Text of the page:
Federal Budget 2020: Making sense of the government’s tax revisions, offsets and cuts

Two big rule changes will see millions of Australians save $12.5 billion in taxes within the next year, under federal budget announcements designed to get people spending and the country out of a recession.

The savings are being passed on even though the budget will blow out the deficit as measures are introduced to lower unemployment and help people fare the financial difficulties brought by COVID-19.

“More than 11 million taxpayers will get a tax cut backdated to 1 July this year,” Treasurer Josh Frydenberg said.

“Australians will have more of their own money to spend on what matters to them, generating billions of dollars of economic activity.”

Millions can earn more and pay less tax

The federal government has fast tracked tax cuts for some low and middle income earners.

“More than 7 million individuals are expected to receive tax relief of $2,000 or more for the 2020-21 income year compared with 2017-18 tax settings,” Mr Frydenberg said.

“Australians will have more of their own money to spend on what matters to them, generating billions of dollars of economic activity and creating 50,000 new jobs.”

Stage two tax cuts work by including more people in lower tax brackets, effectively charging them less tax.

People earning from $37,001 to $45,000 will be charged tax at 19 per cent -- about 13.5 per cent less than their previous bracket. 

While those earning from $90,001 to $120,000 will be charged tax at 32.5 per cent -- about 4.5 per cent less.

Treasury estimates the drop in personal income tax will boost the gross domestic product by around $3.5 billion in the 2021 financial year. By the 2022 financial year, they estimate it will add $9 billion and 50,000 jobs.

Tax breaks are likely to be back paid

The changes to the tax brackets could take effect as soon as this month -- about a third of the way into the financial year -- and so the federal government will be offsetting the tax people have already paid with refunds in each pay packet. 

Effectively, a year’s worth of tax cuts will be condensed into approximately eight months.

For instance, a person earning $80,000 won’t just receive an extra $20 a week, but rather they’ll get $31 a week as the government catches up on payments.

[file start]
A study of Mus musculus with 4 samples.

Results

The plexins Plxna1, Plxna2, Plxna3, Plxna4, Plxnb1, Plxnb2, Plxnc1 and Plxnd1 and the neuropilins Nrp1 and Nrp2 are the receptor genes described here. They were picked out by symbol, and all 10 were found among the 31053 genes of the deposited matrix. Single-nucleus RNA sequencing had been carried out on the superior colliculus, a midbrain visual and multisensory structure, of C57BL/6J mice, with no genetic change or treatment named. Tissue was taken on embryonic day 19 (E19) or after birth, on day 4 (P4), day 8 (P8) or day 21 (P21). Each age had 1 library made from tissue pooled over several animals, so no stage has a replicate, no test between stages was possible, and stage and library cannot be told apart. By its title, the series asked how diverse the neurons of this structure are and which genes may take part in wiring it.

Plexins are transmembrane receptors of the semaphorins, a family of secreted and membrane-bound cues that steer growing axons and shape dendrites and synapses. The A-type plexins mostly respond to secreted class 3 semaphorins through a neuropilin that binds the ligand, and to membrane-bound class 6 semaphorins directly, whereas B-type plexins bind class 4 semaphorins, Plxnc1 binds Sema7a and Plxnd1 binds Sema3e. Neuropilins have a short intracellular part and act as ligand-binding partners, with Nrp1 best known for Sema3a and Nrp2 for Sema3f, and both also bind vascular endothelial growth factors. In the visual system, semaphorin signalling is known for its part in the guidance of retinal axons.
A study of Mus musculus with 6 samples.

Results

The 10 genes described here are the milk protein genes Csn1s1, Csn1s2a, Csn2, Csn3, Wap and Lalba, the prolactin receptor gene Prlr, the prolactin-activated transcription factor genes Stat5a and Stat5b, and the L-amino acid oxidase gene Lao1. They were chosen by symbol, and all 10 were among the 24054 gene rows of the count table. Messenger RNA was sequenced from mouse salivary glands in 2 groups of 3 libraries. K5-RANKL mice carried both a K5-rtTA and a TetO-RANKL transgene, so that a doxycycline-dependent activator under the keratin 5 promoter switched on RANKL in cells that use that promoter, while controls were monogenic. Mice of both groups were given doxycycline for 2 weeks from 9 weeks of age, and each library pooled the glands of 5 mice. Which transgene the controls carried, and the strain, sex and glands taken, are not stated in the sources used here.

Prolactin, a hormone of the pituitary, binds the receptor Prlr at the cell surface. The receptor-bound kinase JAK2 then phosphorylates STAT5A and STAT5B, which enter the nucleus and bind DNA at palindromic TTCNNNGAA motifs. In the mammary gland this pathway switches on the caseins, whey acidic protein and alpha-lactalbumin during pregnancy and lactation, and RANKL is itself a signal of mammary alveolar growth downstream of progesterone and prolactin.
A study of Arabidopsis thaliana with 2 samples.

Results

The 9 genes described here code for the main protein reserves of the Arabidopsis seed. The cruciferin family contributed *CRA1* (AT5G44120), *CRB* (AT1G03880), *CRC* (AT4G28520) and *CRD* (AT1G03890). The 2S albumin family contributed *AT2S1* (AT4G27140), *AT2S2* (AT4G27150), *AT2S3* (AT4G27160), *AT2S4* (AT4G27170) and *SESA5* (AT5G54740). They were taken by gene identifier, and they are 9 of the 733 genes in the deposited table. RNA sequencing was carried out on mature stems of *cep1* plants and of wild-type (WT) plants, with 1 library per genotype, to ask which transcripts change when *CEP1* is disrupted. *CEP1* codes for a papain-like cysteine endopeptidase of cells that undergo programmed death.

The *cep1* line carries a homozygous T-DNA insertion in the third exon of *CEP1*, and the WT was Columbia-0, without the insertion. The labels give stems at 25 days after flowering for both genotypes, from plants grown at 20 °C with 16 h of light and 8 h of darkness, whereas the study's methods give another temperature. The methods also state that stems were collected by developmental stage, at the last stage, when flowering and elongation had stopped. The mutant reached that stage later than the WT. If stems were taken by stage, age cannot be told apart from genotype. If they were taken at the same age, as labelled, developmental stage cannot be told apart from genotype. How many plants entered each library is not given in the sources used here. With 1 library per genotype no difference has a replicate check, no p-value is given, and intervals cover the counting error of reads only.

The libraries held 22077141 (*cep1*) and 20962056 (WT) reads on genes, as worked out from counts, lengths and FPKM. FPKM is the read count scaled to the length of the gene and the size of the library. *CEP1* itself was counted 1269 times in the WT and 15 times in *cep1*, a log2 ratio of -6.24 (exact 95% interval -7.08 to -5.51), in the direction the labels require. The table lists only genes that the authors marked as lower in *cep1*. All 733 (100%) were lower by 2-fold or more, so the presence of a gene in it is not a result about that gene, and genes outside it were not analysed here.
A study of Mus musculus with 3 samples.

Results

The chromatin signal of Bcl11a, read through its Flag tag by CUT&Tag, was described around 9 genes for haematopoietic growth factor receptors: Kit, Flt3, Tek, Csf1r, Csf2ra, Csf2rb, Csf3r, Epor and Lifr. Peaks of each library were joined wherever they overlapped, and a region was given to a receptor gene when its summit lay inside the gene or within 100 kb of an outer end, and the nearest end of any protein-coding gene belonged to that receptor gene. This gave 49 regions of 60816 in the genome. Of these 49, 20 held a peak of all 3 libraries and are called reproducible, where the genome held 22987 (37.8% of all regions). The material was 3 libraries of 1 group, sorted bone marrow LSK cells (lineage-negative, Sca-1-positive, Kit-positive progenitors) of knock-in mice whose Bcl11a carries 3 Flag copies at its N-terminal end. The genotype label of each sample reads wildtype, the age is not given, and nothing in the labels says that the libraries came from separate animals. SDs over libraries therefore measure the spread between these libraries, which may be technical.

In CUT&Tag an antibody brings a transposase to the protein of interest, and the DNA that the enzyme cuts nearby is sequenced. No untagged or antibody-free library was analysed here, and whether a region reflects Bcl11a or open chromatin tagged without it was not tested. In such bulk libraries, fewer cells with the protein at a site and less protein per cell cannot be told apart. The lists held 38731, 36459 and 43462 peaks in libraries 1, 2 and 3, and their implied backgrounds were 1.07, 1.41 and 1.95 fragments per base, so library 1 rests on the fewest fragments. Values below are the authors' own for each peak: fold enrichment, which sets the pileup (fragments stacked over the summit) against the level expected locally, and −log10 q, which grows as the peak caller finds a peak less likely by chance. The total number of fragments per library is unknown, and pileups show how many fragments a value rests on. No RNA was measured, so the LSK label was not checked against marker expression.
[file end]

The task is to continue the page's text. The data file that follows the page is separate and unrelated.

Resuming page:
The following financial year, the tax breaks would revert back to $20 a week. 

NAB economists, describing the budget as “one of the most stimulatory budgets we have ever seen”, said backdating tax cuts would help offset tapering government stimulus payments.

“A key decision has been to backdate the phase 2 tax cuts (worth $17.8 billion over four years),” they said.

“The backdating of phase 2 cuts is important as it helps fill the gap to consumers incomes from the reduction of JobKeeper and JobSeeker payments.”

Spend, spend spend

A tax offset was meant to be scrapped when the government introduced the second stage of its tax plan, but as JobSeeker and JobKeeper payments begin to taper, and Australians continue to feel the economic fallout from COVID-19, a decision has been made to renew an offset for another year.

The low and middle income tax offset (LMITO) is intended to put extra money into people’s wallets. How much they receive depends on their income.

The most a single person can get back is $1080, while dual income couples can receive $2160.

When the savings of the LMITO are combined with stage two tax changes, a person who earns $60,000 -- or $80,000, for that matter -- can potentially save about $2160 in taxes, compared to what they would’ve paid in the financial year ending in 2018.

People earning $120,000 gain the largest combined tax break, a saving of $2745.

Tax breaks were among a raft of initiatives introduced in this year’s federal budget. Other changes were made to superannuation, the first home loan deposit scheme and much more.